January 28, 2019 3 min read
Traditional rules of confinement are a rite of passage in the journey of motherhood. After the birth of the baby, the new mother has to go through a month long confinement period which is believed to help her recover better.
In the Asian context, a lot of rules are associated with confinement. While some of these really help, many are nothing but old wives’ tales.
Here are some of the top confinement myths busted.
1. Have lots of alcoholic beverages to keep warm.
Image source: Food and Wine Magazine
Even though it is true that foods that provide warmth should be consumed in the weeks following the delivery, alcohol is not the answer. Whatever a mother eats, gets passed to the baby through breastmilk. Alcohol content in the breastmilk can be harmful for an infant and could lead to developmental issues. However, some mummies drink cognac or brandy after boiling till the alcohol content disappears. This, when taken in moderation, is not harmful and provides the necessary warmth.
2. Don't drink too much water.
It is believed that if new mothers drink too much water, it will cause water retention in the internal organs and cause their bodies to swell up.
Image source: Times of Israel
This is simply not true. Drinking adequate water is very important for nursing mothers and depriving a mother of the necessary hydration could be damaging to her health. Postnatal hormonal changes cause new mums to sweat and thus it becomes all the more necessary for them to keep sipping water throughout the day to prevent dehydration. However, it is recommended that new mums drink warm water instead of gulping down water straight from the fridge.
3. Don't take a bath.
It is believed that bathing exposes the mother to cold and that it can even lead to bone-health issues such as rheumatism later in life.
This has no scientific backing. In fact, it is advised that new mothers should take a bath with warm water daily for good hygiene. In countries like Singapore where the weather is warm and tropical all year round, washing yourself daily is very important to prevent the build-up of germs and sweat. Also, you don’t want to be sweaty when you hold the baby close during nursing. However, new mothers should take care to dry themselves properly and quickly after a bath to prevent catching a chill.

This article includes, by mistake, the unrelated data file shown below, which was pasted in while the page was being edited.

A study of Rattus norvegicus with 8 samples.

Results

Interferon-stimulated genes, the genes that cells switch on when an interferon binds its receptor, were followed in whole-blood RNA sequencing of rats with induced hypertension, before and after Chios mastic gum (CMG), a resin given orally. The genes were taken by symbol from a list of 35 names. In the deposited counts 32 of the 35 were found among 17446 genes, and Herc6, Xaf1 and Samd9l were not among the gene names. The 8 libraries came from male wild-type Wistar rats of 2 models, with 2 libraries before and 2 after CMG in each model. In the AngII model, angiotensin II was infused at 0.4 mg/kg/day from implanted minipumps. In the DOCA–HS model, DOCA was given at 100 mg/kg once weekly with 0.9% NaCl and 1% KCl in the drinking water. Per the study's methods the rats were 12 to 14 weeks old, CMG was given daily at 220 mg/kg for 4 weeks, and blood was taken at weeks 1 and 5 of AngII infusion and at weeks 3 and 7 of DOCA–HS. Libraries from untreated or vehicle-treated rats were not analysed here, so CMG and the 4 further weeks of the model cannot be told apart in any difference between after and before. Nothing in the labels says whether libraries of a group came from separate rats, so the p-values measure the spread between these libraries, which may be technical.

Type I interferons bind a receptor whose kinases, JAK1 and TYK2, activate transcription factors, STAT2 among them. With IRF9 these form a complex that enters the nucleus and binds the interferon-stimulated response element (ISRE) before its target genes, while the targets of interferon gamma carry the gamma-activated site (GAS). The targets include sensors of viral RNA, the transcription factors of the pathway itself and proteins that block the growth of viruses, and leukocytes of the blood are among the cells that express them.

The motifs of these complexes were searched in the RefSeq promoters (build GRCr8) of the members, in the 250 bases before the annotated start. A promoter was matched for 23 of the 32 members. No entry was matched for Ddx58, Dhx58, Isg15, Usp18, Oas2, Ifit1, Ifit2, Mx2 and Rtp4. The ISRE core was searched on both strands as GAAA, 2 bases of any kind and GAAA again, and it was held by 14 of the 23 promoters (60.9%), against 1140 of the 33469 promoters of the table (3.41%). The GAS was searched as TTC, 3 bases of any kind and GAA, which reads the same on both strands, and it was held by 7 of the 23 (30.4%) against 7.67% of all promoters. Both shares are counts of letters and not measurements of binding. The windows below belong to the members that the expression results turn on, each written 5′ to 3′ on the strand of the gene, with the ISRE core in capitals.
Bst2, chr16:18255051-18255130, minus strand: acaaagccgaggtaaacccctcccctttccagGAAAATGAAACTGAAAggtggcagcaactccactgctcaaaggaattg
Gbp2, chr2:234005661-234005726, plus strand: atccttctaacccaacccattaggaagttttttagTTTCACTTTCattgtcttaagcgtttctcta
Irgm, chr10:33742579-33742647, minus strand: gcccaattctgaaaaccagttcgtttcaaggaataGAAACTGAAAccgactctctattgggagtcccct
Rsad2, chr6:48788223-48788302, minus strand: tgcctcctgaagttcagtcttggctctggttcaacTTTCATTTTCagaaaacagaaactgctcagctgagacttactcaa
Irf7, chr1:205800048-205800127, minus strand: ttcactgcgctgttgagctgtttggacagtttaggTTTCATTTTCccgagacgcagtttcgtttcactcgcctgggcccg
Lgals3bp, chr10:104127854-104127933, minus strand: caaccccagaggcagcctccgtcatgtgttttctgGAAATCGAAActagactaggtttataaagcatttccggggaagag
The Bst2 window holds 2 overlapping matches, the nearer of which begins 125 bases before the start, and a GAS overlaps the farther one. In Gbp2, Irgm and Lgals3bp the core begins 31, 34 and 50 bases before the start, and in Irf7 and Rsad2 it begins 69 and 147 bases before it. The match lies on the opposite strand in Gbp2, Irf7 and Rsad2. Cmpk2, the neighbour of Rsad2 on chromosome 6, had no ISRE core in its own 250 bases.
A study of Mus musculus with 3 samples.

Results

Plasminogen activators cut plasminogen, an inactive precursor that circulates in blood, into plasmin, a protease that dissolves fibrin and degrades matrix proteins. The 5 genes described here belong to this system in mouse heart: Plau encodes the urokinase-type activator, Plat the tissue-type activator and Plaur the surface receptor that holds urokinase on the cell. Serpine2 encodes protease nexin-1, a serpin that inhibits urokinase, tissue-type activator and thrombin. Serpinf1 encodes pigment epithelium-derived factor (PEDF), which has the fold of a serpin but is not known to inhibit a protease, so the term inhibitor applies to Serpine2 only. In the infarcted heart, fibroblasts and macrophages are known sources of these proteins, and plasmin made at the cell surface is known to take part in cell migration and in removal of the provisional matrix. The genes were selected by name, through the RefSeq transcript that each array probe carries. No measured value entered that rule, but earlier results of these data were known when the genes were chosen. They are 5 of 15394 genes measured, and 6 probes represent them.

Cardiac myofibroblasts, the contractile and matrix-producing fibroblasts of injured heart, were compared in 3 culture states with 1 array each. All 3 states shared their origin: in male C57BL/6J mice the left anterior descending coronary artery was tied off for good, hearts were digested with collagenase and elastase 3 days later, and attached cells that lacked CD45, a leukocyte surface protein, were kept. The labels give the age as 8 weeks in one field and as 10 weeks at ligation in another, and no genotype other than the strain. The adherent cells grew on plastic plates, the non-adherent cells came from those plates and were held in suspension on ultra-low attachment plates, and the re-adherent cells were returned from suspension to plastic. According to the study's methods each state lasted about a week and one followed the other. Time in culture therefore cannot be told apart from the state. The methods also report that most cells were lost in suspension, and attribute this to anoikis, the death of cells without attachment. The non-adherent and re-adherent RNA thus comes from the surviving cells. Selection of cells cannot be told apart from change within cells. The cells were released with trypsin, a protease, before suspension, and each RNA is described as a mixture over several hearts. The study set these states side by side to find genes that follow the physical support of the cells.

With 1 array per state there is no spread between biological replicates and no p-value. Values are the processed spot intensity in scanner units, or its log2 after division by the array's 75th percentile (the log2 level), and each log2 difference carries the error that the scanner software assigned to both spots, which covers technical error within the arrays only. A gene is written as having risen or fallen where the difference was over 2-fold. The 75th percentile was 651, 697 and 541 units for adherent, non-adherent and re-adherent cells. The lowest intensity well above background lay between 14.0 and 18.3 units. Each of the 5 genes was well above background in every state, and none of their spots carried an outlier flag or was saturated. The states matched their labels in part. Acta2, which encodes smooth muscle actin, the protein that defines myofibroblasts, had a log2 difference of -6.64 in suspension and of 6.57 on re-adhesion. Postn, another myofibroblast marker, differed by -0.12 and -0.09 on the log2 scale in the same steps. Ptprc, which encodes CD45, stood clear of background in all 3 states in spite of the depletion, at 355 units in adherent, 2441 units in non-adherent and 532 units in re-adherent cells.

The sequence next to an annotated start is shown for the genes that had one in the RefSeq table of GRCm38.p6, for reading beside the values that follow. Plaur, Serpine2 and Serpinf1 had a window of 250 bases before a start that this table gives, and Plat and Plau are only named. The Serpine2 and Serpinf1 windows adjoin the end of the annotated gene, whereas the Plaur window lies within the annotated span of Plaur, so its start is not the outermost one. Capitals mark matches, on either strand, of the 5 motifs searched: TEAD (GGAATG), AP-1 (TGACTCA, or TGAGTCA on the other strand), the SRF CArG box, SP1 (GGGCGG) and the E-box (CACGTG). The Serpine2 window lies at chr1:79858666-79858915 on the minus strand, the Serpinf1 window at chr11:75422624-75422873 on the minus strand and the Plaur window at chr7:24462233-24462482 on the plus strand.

4. Eat only liver and meat.
These foods being rich in protein and iron should be eaten by new mothers to replenish their lost strength.
Though it is true that new mums require a diet rich in iron and protein, eating only those foods which provide these nutrients is not recommended. A new mother needs a balanced diet to help her recover better and to ensure that the baby also gets adequate nutrients through breastmilk.
5. Don't read or cry.
This belief comes from knowing that the blood loss after a delivery causes eyes to weaken. Hence, the rule states that reading, sewing, crying, or any activity that strains the eyes can further damage the eyes and cause long-term problems with the eyesight.
Image source: Babble
There is no medical backing or research that indicates this could be true. Even though some experts believe that it is true that the blood loss can weaken the eyes, there is no evidence that reading or crying can cause any damage. However, to recover from the blood loss, it is advisable that new mums have foods rich in iron as an essential part of their diets.
6. Don't use a fan or an air-conditioner in the room
This rule stems from the belief that if wind enters the body of a new mother, it might lead to joint pain and affect bone health.
Whether to use a fan/air-conditioner. or not, should depend on the weather. When it’s hot or humid, having a fan or an air-conditioner on in the room is required. The room temperature should be maintained such that it’s neither too hot nor too chilly for the new mum and the baby. However, it is better not to expose new mums to direct wind from the fan or the air-conditioner so that she does not catch a cold.
So, ladies, don’t view confinement as a tedious period. Stay informed and use this time to get plenty of rest as you recover from childbirth.